It’s always hard to know where to start a controversial information article like one about flexible dieting.
I could talk about how a bit of moderation and being sensible means you can eat 90% good food during the day, have 10% of your kcals in whatever you fancy, and still look and feel awesome.
Or I could polarise the nuts off it and say “chicken and brocolli is no different to icecream and protein shakes once it’s inside your body”.
There’s already enough bro-science out there talking about “all that matters is calories” and other such hogwash to add to it. And the fanboys will quote study after study to prove their point. And while they’re technically correct (in the sense that if you control for protein and kcal intake perfectly, that is all that matters), in the real world they couldn’t BE more wrong.
See people always jump on one thing when discussing “If It Fits Your Macros” (IIFYM) or flexible dieting – you can eat what you want and still be in shape once you control your calories.
Know what the common thread those guys share is? They all have flabby bellies and tits. The dudes who approach IIFYM like that almost ALWAYS look like shit. Hell, some of the most outspoken ambassadors of it that I’ve had the misfortune of meeting just look like fat dudes with big arms.
…so obviously that’s not where we’ll be taking this.
The Basic Premise
Think of flexible dieting as a way of eating set up to avoid failure. A way to plan your day so that you can eat whatever you want, within reason, and still see results. Obviously that doesn’t mean you can eat a tub of ben and jerry’s every night, but a few big spoonfuls is totally cool.
Hell, a good friend of mine has included a daily snickers in his approach and is losing weight easily and consistently for the first time in years (he’s like 1.5 stone down in the past couple of months).
With flexible dieting, you get a certain amount of calories to “spend”. And you have to buy a certain amount of protein with those kcals, but once you’ve done that, and you use 80-90% of your kcals to buy good REAL food, then a little bit of what you fancy is fair game.
What you’ll see as we go on is that this is really just “sensible eating”.
A “balanced” or “moderate” approach to weight loss.
It’s obvious. Simple. And intuitive.
But without a name or brand, I’d never get traction with it. So let’s keep pretending it’s some elite underground ninja nutrition strategy k?
Setting It Up
Like most fat loss protocols, there will need to be an element of calorie control. Food quality matters, but calories count. You can totally get fat off beef, almonds, sweet potato and kale, if you eat enough of it. So don’t just assume “healthy” = “won’t gain weight”.
The starting point for all of this is your maintenance calorie level.
You can use a formula like the harris benedict equation to calculate it, but for most practical purposes, it approximates the following guidelines anyway.
Recommend Calorie Targets:
- Weight Loss kcal = bodyweight in lb x12
- Maintenance = bodyweight in lb x14
- Muscle Gain = bodyweight in lb x16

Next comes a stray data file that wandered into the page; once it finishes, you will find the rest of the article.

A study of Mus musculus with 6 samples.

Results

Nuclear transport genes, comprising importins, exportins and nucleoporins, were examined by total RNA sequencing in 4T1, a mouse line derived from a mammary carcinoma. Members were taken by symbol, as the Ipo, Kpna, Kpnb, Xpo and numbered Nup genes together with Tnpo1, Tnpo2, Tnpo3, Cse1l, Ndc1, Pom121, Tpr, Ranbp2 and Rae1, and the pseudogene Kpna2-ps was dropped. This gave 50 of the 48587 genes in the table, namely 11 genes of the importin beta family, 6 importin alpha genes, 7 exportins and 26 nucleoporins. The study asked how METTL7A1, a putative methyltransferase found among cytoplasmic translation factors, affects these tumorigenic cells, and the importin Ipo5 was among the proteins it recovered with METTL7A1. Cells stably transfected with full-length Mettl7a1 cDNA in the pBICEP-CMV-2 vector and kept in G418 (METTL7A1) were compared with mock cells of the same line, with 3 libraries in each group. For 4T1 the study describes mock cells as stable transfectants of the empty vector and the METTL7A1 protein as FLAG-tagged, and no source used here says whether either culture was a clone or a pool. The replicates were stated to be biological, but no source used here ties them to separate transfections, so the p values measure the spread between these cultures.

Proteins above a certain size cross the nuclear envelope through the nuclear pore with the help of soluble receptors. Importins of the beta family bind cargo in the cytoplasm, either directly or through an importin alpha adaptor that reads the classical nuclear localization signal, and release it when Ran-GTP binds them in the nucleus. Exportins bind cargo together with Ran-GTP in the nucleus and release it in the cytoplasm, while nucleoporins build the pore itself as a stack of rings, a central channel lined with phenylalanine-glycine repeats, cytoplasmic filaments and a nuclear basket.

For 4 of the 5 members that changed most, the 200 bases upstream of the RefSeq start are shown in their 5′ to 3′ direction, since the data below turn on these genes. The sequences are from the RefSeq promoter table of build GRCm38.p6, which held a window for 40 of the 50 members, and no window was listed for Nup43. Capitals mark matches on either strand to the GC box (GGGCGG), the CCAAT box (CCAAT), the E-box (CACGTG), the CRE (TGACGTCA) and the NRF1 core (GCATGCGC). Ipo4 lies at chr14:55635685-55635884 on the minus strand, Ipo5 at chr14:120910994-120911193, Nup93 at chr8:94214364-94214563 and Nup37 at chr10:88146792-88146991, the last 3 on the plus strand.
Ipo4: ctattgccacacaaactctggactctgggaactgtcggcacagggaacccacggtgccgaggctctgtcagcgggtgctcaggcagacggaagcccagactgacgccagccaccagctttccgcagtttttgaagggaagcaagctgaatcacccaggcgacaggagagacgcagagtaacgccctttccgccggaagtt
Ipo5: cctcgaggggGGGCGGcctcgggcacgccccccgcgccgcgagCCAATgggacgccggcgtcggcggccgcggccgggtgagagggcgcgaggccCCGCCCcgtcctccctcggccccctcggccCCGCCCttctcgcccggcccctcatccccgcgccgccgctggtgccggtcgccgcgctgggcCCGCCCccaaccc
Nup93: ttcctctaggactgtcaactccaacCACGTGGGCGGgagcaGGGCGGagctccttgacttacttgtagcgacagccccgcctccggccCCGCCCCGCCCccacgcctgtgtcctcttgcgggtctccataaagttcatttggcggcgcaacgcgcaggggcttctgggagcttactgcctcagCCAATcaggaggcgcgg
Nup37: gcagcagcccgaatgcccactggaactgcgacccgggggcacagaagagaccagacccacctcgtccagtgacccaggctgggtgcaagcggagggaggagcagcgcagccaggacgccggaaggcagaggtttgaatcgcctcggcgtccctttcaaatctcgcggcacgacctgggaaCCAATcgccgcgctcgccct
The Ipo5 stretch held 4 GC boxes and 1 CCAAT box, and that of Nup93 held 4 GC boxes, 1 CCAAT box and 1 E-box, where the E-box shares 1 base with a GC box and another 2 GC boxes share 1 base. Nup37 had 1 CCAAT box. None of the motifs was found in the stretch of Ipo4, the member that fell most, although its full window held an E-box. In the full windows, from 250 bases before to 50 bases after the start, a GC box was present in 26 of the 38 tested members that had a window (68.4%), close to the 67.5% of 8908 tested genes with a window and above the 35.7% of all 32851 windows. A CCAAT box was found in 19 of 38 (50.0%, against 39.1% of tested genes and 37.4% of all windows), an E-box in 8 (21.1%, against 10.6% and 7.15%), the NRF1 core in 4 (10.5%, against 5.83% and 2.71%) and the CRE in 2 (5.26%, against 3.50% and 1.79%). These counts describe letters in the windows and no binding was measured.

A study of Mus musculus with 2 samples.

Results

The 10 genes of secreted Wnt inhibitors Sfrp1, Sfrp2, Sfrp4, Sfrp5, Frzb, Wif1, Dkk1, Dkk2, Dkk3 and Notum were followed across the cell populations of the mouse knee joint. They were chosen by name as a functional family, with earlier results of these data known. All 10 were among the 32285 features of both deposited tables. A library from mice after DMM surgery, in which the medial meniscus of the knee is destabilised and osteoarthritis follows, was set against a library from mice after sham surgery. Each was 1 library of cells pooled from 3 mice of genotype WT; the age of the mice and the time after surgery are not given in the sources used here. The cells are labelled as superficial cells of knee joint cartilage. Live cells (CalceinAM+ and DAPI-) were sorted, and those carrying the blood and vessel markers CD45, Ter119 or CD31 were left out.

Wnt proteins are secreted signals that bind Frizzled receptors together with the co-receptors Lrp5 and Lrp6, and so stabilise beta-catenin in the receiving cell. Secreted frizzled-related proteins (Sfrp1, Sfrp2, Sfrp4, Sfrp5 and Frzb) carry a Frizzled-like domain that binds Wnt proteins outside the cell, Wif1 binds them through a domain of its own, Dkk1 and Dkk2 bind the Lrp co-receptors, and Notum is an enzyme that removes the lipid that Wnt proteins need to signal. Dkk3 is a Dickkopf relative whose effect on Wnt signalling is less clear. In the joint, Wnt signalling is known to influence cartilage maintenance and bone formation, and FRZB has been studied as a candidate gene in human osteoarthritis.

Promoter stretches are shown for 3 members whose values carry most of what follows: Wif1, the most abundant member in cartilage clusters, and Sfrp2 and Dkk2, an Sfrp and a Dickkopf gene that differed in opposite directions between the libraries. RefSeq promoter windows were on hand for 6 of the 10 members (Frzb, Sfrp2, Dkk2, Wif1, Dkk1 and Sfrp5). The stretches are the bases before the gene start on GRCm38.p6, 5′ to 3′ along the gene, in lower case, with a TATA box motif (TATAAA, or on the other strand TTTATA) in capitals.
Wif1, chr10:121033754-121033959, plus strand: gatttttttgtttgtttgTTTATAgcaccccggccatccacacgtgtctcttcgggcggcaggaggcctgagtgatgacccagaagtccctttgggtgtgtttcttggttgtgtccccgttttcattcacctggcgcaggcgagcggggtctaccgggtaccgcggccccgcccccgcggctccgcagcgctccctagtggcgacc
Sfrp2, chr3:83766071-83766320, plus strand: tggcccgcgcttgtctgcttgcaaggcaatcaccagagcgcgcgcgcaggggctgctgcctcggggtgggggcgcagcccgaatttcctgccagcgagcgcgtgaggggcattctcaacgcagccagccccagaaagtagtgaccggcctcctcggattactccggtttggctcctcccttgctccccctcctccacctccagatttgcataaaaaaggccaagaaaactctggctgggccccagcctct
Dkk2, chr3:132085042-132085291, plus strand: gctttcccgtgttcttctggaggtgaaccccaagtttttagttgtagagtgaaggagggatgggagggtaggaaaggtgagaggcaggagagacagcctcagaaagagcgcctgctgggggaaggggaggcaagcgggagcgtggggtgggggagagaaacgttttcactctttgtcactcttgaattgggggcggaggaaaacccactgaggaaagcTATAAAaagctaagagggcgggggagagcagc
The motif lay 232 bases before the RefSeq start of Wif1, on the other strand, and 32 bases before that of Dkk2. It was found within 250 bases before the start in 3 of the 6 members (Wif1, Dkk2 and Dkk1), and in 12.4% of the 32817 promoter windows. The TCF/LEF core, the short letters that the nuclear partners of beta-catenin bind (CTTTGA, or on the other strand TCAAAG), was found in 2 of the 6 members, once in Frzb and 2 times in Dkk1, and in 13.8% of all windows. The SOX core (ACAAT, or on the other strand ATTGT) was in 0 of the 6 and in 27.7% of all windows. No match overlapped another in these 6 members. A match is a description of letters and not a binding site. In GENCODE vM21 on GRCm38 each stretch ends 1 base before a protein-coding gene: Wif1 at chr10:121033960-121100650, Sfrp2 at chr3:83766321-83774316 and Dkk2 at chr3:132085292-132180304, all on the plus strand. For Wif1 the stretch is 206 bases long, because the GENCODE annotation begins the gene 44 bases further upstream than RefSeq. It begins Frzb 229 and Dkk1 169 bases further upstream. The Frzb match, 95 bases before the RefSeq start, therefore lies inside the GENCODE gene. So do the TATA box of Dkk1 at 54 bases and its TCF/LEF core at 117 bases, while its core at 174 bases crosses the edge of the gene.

Recommend Protein Intake:
- bodyweight in lbs = grams of protein per day
- 25-35% of total calories (say 30% to keep it simple)
- whatever is left over
So for example. as a 100kg guy here’s what I get if I’m trying to lose weight:
Calories per day: 2,640
Protein per day: 220g
Fat per day: 88g
Carbs per day: 242g
…and that’s the basic mechanics of it. Super, Super simple. I know what you’re thinking “242g of carbs is A LOT” and it is when you compare it against atkins, the ketogenic diet and other traditional low carb approaches. But hey, are you REALLY going to complain if I tell you that you can eat more carbs and still lose weight?!
But Will It Really Work?
Will a diet where you eat the correct amount of calories for your goals, eat mostly real food and have the chance to enjoy the odd treat really work? What do you think numbnuts??
OF COURSE IT WILL WORK. But the plan only works if you work the plan.
What I mean by that is – if you’re eating 242g of carbohydrates per day, you better be eating at least 80% of those from unprocessed sources like sweet potato, rice, and oats.
BUT, If the odd chocolate bar sneaks in, it’s not end of the world (just like Paul’s ‘snickers a day’ diet).
Look at it another way – 80-90% of the time, you’re eating a good balanced diet with lots of fresh fruit and veg, lean protein, high quality fats and the odd treat here and there. That’s “healthy” by anyones definition of the term.
It’s probably a lot healthier than the stressed out Paleo zealots who’ve almost developed mental problems from their restrictive punitive approach to food. I know which person I’d rather be. What about you?
It’s a hell of a lot better than being an overweight, stressed out, serial dieter who goes thru binge/purge cycles too right?
It’s a way of eating focused on consistency, rather than quick results. Done right, it will deliver sustainable results over 6-8 weeks comparable to ANY other diet, but you won’t get the immediate week 1 gratification of seeing a few kg go off because you haven’t eliminated any carbohydrates (the first 2-4kg most people see when dieting is a glycogen/water dump as a result of removing carbs – that’ll just come straight back on once they’re reintroduced, so you may as well not have lost it in the first place).
>> …and I’m going to cut this blog post here, because in Part2 I’ll be talking about cheat days, refeeds, alcohol, liquid calories and all the other evil things that are screwing up your weight loss efforts, and what you can do to right the ship!